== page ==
Youth-oriented fashion retailer Urban Outfitters is packing up and moving off of Capitol Hill and the Broadway corner it has called home for nearly three decades.
Workers were reported clearing out the relatively giant two-level store on the northern end of the Broadway Market shopping center Monday afternoon.
A store manager confirmed the end of the lease and the UO’s closing with CHS just as other neighborhood retailers are gearing up for curbside pick-up and relaxed outbreak restrictions.
While the COVID-19 crisis and financial impact still swirls, the Urban Outfitters exit has been in the works since last summer when the shopping center began marketing the lease for the space.
Still, the Capitol Hill store’s obituary will now be forever intertwined with the financial impact of the outbreak and restrictions. Official closures across the Hill during the crisis — so far — have been few including another Hill fashion outlet, E Pike vintage shop Le Frock.
Broadway, meanwhile, has continued to be home to a set of smaller, independent fashion retailers and thrift shops including the Lifelong store, Revival, Trendy Wendy, Panache, and The New York Xchange. Hopefully the small band of retailers can emerge from the other side of COVID-19 restrictions soon.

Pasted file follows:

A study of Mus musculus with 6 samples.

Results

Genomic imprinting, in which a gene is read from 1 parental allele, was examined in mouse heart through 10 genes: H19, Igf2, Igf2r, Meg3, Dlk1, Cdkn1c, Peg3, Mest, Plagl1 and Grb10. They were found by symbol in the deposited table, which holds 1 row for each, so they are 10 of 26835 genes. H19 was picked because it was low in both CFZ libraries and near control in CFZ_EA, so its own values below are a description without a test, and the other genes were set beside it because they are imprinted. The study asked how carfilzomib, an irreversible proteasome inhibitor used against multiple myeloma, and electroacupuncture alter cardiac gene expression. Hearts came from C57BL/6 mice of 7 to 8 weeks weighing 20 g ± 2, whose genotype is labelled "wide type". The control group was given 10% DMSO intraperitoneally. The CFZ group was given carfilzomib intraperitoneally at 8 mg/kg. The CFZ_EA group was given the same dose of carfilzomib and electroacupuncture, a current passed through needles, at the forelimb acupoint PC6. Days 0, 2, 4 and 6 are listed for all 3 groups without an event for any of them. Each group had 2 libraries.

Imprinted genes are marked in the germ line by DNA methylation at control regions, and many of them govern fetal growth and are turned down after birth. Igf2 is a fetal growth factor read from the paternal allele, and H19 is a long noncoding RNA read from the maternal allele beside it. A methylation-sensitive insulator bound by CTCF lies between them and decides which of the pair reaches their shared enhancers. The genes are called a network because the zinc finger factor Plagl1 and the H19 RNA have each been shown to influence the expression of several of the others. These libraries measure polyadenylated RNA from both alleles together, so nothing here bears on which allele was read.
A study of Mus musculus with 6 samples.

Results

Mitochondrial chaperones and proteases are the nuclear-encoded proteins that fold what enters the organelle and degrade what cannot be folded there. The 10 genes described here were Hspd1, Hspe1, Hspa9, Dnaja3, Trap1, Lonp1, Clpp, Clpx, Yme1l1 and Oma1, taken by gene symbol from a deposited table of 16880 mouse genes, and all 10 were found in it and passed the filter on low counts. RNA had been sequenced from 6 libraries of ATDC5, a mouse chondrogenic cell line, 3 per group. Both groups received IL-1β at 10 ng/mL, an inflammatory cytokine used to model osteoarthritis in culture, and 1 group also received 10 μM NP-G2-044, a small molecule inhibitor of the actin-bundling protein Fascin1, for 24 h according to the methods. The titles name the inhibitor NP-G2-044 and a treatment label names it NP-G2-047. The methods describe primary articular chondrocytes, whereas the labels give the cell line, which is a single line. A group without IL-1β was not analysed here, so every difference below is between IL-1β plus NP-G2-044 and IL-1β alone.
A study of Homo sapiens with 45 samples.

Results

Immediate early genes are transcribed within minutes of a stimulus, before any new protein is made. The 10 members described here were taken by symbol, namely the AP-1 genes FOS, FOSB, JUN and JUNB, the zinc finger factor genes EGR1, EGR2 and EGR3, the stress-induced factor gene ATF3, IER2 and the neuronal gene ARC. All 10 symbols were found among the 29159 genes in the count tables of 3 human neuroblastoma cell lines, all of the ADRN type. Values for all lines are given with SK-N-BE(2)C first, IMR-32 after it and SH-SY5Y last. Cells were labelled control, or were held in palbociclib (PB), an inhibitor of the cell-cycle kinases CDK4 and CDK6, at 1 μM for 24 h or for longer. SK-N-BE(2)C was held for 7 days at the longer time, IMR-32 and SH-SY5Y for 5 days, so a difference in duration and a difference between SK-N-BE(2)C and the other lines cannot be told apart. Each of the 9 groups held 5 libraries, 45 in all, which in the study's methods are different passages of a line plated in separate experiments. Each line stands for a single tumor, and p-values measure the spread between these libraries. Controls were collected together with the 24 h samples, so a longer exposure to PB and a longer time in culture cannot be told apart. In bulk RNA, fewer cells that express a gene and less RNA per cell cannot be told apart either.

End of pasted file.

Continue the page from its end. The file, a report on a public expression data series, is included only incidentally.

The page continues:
The Philadelphia-headquartered Urban Outfitters corporation dates to 1970 and has grown into a multinational with brands including Anthropologie and Free People. The publicly traded company produces around $3.5 billion annually across nearly 250 stores.
Its exit from Broadway removes the largest non-grocery retail brand and jobs from the street and marks the final death blow to an era that once saw the street home to both an Urban Outfitters and a Gap. Now, 1991 has come gone and Broadway’s newest wave of commercial real estate customers has been dominated by financial services and banks, along with health service companies like the One Medical slated to replace Panera on the street.
What will come next for the massive retail berth in the Broadway Market? Representatives for Regency Centers Corporation, the Florida-based, grocery-focused real estate investment company that paid $43 million for the city block-sized shopping center in 2015, haven’t yet responded to our questions about the change.